If you’re a brand that is often considered unhealthy in this increasingly health-conscious, calorie counting population, you may feel a little stressed. But the truth is, no matter what consumers intend, it’s unrealistic to assume that they will eat completely healthy 100% of the time. According to the “80/20 rule”, if you’re healthy 80% of the time and not so healthy 20% of the time, you are on the exactly right path (unless of course you are on a very restrictive diet). So if your brand falls in that 20%, not so healthy place, you still have a chance to connect with this growing group of health-conscious consumers. There are plenty of studies that suggest there are both mental and physical benefits to a little indulgence – especially a high-end indulgence. Tips for marketing healthy food are not a one trick pony.
To see an example of this, we only need look to the world of chocolate. In recent years, sales of premium chocolate like Godiva and Lindt have soared. The primary reasons for the growth of this historically un-health food are the health benefits, both physical and mental, associated with premium chocolate. This is particularly true for dark chocolate, which has helped boost chocolate sales immensely because of its antioxidants and healthy fats that that are now being touted to be beneficial to your heart and cholesterol levels (woohoo). And health-conscious consumers are getting wise to the fact that the higher the actual cacao levels in chocolate, the healthier the brand is. That’s why you’ll probably see many premium dark chocolate companies boldly advertising the cacao percentages on their packaging. A labeling tactic that many use in marketing healthy food brands all over.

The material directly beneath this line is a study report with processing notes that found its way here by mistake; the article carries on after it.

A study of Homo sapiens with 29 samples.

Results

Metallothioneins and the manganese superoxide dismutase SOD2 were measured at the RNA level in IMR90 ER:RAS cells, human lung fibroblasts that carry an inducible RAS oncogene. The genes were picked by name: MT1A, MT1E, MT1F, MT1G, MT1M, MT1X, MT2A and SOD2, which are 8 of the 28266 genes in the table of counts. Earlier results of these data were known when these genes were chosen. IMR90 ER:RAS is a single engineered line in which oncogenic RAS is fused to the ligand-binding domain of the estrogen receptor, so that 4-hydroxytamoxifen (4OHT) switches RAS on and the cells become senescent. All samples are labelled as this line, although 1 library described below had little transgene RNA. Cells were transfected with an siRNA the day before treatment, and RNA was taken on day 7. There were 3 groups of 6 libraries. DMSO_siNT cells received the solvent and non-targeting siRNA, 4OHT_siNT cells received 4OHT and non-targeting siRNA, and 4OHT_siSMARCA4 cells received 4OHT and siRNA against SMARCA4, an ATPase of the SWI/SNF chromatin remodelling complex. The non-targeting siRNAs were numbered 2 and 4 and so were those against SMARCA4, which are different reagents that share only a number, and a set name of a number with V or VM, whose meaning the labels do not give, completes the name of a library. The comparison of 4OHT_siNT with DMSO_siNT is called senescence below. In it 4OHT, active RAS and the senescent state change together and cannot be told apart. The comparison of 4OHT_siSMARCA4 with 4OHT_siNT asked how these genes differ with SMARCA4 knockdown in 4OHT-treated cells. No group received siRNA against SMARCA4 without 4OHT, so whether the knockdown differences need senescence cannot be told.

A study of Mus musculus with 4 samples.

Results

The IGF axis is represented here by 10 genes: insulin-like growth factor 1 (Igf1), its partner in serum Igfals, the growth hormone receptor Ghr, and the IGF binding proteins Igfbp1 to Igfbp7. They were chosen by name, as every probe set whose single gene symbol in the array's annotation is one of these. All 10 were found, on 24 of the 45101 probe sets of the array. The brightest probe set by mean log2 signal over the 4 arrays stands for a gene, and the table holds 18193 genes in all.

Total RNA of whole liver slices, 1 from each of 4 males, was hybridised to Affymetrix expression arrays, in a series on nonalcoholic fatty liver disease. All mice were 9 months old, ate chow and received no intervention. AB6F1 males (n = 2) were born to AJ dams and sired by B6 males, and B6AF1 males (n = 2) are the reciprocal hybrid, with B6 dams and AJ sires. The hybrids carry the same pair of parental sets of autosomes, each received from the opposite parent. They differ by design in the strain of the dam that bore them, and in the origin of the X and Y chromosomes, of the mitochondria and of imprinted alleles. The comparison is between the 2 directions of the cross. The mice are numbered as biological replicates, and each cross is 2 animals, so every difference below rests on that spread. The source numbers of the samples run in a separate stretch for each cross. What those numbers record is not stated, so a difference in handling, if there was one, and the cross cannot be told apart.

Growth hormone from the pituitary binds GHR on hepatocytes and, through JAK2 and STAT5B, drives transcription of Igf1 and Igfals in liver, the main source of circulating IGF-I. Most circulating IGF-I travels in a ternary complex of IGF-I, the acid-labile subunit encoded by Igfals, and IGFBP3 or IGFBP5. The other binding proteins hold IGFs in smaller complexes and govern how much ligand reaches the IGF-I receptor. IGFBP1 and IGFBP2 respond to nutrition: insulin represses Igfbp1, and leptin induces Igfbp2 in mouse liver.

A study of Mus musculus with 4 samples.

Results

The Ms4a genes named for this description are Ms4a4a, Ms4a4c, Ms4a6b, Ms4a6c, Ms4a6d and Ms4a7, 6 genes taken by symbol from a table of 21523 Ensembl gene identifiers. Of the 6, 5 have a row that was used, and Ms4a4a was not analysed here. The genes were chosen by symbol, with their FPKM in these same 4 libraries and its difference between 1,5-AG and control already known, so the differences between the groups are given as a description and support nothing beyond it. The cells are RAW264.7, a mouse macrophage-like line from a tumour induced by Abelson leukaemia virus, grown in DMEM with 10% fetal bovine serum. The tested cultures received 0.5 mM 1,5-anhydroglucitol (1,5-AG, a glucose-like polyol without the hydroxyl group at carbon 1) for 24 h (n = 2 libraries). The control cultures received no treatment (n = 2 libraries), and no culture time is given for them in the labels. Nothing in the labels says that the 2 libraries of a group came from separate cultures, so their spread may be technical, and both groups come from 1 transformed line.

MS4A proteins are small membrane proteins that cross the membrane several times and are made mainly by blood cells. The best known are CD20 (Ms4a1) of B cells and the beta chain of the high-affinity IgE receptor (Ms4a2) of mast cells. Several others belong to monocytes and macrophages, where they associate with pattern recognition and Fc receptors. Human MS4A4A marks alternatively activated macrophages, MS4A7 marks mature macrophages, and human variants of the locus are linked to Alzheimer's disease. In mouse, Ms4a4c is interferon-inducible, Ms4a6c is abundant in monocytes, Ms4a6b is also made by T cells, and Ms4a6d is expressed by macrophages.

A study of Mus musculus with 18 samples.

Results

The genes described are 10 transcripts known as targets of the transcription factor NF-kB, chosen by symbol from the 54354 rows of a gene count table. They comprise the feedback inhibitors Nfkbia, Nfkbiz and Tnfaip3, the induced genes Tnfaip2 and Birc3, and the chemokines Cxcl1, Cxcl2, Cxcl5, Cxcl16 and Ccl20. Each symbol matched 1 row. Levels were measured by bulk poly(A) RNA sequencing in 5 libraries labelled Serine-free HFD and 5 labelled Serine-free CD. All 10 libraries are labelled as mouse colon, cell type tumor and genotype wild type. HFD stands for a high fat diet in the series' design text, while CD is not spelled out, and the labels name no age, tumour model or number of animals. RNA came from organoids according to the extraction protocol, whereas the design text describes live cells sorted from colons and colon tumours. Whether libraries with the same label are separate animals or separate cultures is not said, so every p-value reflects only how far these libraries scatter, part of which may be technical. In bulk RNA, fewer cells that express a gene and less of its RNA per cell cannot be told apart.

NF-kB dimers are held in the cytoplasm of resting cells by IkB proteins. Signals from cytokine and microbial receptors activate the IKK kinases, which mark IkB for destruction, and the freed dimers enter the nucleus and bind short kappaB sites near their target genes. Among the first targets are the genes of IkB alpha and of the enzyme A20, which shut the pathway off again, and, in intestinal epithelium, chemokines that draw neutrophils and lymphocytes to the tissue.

Beyond physical health benefits, the health-conscious consumer knows that indulging every once in a while can improve your mood. Psychologists say knowing you can have an indulgence once in a while makes it easier to stay focused on being healthy most of the time. Healthy eating author Joel Marion says that a little cheat actually helps leptin levels increase, sending your body the signal that you are not overly hungry so that you continue releasing fat. And as all of us dieters know, routine indulgences and a little flexibility in a diet prevent feelings of deprivation, which often lead to binging and weight gain.
Instead of trying to be an every day brand, indulgence brands might want to just be true to what they are-a treat. And if they’re good at convincing consumers that they are a really good treat, and maybe even have some health benefits that consumers weren’t aware of, they might just become a go-to treat and become part of a long, meaningful relationship. And isn’t that the kind of relationship we’re all looking for? It is in marketing healthy food.